Over the twelve days from Monday, December 23 and concluding on Friday, January 3, we will present special Re-Podcasts of my Crime Story Podcast interviews with storytellers in the world of crime and justice. Each interview will be presented in its entirety, and so interviews that were previously offered in multiple parts can now be accessed in one download or streaming session.
This is Day 6: a conversation with David Simon.
David and I met when he came in to HBO to pitch The Corner as a television series. The Corner is a book that he wrote with Ed Burns about the year that they spent in an inner-city Baltimore neighborhood ravaged by drug abuse and distribution. Together with his book Homicide, The Corner was the foundation for David’s series The Wire, which has been widely acclaimed as one of the great television series of all time. My aim in sitting down with David was to try to dig into where his storytelling instincts and values come from and how they manifest themselves in his work on Homicide, The Corner, and The Wire… three classics in the crime drama genre.
The interview was originally presented in four parts, and in this podcast we join them all together.
In part one we discuss David’s formative years as a storyteller and as a journalist.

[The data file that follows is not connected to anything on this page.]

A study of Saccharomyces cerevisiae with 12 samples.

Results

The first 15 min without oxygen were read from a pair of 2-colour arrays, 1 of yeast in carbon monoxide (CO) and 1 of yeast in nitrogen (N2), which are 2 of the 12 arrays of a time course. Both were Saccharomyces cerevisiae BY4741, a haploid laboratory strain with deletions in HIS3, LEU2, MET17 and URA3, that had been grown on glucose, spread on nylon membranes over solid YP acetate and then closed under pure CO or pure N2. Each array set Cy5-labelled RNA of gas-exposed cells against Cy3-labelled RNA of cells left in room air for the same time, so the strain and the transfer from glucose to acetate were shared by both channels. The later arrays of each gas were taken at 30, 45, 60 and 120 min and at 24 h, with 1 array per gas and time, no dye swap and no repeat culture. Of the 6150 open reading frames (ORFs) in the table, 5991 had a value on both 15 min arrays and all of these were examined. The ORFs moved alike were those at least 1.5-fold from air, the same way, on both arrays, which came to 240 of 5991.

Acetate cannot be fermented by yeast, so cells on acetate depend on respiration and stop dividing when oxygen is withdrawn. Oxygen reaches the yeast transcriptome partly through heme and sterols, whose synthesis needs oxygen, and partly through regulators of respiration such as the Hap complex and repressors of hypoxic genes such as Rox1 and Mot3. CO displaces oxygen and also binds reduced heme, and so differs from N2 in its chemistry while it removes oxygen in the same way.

In part two we discuss David’s work as a crime reporter for The Baltimore Sun, his writing the book Homicide: A Year on the Killing Streets, and his transition to writing for television.
In part three, we discuss David’s reporting for the book The Corner: A Year in the Life of an Inner City Neighborhood and his experience producing the multiple Emmy Award-winning miniseries based on that book.
In part four, we discuss David’s creation of The Wire and some of the key themes explored in that series.
On the day we published the final part of the interview, David tweeted to his 250,000 followers:
“Even I can’t stand to hear myself this long, but Kary Antholis — the singular spark to my work at HBO who has now launched the new Crimestory venture — has delivered a comprehensive, exhaustive, four-part interview on a Baltimore scribbler’s origin story. I’m exhausted, anyway.”
You can find a complete transcript of this interview here.